Maintaining health this season


Being sick sucks anytime it happens. Fortunately for me, having been vaccinated and kept my immune system strong, I hope I can steer clear of any hospital emergency rooms or dire consequences of SARS-CoV-2. I got sick a few days ago and think I’m through the worst of it now. I have friends & family members who’ve not be so fortunate. Some have not survived.

There are plenty of debunked myths out there still circulating about COVID (and for my conspiracy-minded friends, the link I provide there is the Mayo clinic, not to agencies like the CDC or the WHO). I am not one to propagate bad science or pseudoscientific superstitions — nor do I give any medical advice, as I am not a doctor and don’t play one on the internet. But I think it might be helpful to share what I am doing with my own body based on my own research and my own discussions with medical professionals. Please, you go talk to your own doctors about your own needs before doing what I do, okay? Okay.

That said, as a result of the pandemic, I’ve gotten pretty serious about a certain basic immunological regimen that I believe has contributed to my health standard over the last few years. In my present state, it should go without saying that it doesn’t work 100% — and I don’t think anything does, do you? Though I do believe that the fact that I’ve been dosing a lot of L-Lysine lately is contributing to my fairly rapid recovery, and being as exposed as I’ve been as often as I have over the last two years and only finally getting COVID for the first time now is a testament to my health & my health regimen below.

Daily, and spread across 1-3 meals:
  • multi-vitamin, I usually go for these from Costco, which were recommended by my Naturopath and cost less than a quarter per day. But multivitamins are generally cheap and plentiful, and good general coverage for the deficiencies and inconsistencies in our diets.
  • B-complex, because a vegan diet tends to be particularly low in B vitamins and my multivitamin doesn’t boost it quite enough. I go with these, also super cheap from Costco at less than a nickel each, and containing some electrolytes and extra Vitamin C too.
  • Vitamin D3, additional 1000 to 4000 IU (depending on my recent sunlight exposure, less in summer more in winter, etc.). Usually these, also from Costco. The 25mcg / 1000 IU ones are $.02 each and I prefer these over the higher dosages because I can spread them out over the day and adjust my intake in smaller increments. People often point out that the body needs Vitamin K to aid in the absorption of Vitamin D, and though this it is not present in the multi-vitamin I take (nor is it in most multi-vitamins from what I understand), I do generally eat a lot of Vitamin K rich foods, so I personally don’t take K daily along with D as it is often recommended.
  • Arginine, which started taking recently based on some specific advice from a doctor I’m working with on a specific issue. I don’t plan to continue taking this supplement more than a few months.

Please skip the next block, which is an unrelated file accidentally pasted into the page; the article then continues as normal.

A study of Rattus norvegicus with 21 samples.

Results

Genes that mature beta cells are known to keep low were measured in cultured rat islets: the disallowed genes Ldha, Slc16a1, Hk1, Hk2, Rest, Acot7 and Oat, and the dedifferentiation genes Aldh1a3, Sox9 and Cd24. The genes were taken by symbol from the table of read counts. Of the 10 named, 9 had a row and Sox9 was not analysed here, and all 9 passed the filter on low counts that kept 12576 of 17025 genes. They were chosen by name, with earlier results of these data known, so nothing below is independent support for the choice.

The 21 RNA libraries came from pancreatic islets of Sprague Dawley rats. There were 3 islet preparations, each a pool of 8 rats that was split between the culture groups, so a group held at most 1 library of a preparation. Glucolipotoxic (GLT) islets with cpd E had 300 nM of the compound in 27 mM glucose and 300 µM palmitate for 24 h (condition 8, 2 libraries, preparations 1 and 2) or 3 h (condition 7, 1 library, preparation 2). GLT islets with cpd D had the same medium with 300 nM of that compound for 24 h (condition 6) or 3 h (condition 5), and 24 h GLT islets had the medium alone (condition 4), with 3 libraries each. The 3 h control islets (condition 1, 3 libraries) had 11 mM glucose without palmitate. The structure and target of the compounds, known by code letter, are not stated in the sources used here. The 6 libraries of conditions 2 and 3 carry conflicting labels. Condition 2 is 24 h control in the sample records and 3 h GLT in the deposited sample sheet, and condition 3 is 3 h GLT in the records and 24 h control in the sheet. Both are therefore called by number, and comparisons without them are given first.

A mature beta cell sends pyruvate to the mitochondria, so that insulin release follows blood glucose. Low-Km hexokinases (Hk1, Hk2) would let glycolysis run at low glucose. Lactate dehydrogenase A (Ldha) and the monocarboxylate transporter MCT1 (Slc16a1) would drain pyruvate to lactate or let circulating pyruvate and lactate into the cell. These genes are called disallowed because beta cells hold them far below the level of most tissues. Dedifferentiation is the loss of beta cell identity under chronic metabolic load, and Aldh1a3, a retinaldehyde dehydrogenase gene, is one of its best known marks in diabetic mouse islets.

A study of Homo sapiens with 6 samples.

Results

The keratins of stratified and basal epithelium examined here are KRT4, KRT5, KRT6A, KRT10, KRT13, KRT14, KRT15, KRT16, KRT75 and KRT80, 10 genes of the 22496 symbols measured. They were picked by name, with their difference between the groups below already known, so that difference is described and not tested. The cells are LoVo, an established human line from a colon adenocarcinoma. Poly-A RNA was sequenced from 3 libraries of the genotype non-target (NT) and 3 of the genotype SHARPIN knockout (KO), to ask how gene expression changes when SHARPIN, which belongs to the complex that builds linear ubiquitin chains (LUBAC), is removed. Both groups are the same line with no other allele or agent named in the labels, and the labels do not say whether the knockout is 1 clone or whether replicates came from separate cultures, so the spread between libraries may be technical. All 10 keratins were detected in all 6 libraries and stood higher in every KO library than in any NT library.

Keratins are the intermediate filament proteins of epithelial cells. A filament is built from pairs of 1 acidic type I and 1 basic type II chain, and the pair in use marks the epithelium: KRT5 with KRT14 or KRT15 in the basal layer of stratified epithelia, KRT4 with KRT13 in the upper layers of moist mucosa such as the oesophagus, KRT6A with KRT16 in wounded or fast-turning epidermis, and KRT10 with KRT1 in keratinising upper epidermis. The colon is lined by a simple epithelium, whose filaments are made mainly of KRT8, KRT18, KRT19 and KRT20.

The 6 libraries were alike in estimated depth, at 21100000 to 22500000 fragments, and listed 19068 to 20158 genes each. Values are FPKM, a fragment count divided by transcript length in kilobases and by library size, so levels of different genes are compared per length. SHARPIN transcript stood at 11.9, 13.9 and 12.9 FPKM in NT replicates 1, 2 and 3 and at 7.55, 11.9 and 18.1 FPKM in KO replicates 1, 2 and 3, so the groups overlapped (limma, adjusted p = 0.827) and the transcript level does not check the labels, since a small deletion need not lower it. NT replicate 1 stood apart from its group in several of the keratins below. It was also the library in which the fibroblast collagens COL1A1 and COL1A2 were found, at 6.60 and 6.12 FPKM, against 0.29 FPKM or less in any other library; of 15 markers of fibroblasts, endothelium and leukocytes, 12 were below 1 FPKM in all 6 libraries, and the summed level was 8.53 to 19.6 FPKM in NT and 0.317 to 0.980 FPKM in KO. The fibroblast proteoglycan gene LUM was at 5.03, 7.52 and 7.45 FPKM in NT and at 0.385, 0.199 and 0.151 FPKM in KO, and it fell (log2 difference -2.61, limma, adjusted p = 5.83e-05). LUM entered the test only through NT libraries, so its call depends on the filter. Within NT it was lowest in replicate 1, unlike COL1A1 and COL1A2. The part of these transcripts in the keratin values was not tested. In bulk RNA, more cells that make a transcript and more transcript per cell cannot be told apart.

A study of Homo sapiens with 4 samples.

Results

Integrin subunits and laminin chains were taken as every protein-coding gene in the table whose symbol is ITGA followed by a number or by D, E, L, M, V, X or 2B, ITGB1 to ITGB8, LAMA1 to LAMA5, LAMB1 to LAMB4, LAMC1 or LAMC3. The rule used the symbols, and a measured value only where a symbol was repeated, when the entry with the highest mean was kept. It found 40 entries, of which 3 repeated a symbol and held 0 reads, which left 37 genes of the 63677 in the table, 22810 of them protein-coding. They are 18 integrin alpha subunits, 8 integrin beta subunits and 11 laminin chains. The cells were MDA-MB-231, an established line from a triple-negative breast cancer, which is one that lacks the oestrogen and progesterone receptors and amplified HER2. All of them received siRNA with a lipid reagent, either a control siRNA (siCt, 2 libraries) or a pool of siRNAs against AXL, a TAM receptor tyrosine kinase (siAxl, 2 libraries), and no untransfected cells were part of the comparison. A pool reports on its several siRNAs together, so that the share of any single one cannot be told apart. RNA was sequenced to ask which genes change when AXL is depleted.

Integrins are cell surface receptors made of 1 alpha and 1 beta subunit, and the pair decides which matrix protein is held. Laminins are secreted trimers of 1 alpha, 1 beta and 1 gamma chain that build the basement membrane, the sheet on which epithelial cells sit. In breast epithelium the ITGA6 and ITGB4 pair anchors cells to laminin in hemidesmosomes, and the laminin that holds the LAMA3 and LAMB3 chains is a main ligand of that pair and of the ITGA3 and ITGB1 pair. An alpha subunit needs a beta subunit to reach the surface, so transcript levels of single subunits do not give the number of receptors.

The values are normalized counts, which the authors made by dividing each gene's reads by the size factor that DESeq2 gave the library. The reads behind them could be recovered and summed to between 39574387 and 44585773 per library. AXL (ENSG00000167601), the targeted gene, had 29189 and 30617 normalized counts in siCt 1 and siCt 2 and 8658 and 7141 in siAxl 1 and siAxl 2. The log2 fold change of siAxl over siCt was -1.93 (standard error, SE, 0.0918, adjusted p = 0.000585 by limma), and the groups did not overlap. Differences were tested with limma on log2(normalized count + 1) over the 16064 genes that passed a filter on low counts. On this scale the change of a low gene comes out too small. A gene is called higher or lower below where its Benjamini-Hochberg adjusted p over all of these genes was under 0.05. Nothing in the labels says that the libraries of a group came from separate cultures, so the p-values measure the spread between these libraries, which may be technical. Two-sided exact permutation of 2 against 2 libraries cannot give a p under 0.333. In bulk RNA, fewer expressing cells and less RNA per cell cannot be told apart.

When traveling, and a day before and after traveling just to be safe: Immediately upon any cold or flu-like symptoms, which is largely based upon the results of this 20-Week Study of Clinical Outcomes of Over-the-Counter COVID-19 Prophylaxis and Treatment and for L-Lysine also this paper.
  • Zinc, which I usually keep handy as Cold-eze or other lozenge form
  • Vitamin C, which I typically have dissolved warm water like in one of those Emergen-C packets, Airborne tablets, or similar
  • L-Lysine, first a 4000 IU wallop, then 1000 IU 2x daily on an empty stomach
  • Quinine, which is easy to find in the form of tonic water (it only contains a little, but a little is all that is needed). It’s considered a “zinc ionophore” as in the study above, and I find that this also often helps settle my stomach and take the sick taste out of my mouth.
  • It’s important to drop all caffeine, alcohol, and any Arginine-rich foods as these can promote viral spread, bacterial replication, and/or weaken the body’s defenses more generally.

Oh and also if it’s a simple intestinal discomfort issue, as in I just think I maybe ate something that tasted funny, then a couple drops of GSE in water goes down the hatch real fast. As I’ve learned in my world travels, this stuff is a great prevention for those food poisoning episodes we’d all rather not have.

In addition to all this, if it’s handy or if someone offers, yeah okay sure I’ll have some echinecia, garlic, or other non-caffeinated herbs. But I don’t travel with these, and though they don’t hurt I don’t put much faith in them these days. I studied Chinese medicine a bit in my shiatsu training way back when (pulse & tongue assessments, five element theory, herbs, etc.). I think there’s plenty of there there, medicinally, but the quality of anything I can get my hands on is so variable and the supply chain and storage conditions so untraceable that I just don’t trust the stuff anymore, even when the theory is seems sound.

How about you? Any studies you’ve seen that I should know about? Other things that I might want to try in my recovery or immune defenses going forward? The comments are here for you! …But I’m going back to bed. Rest makes more difference than anything.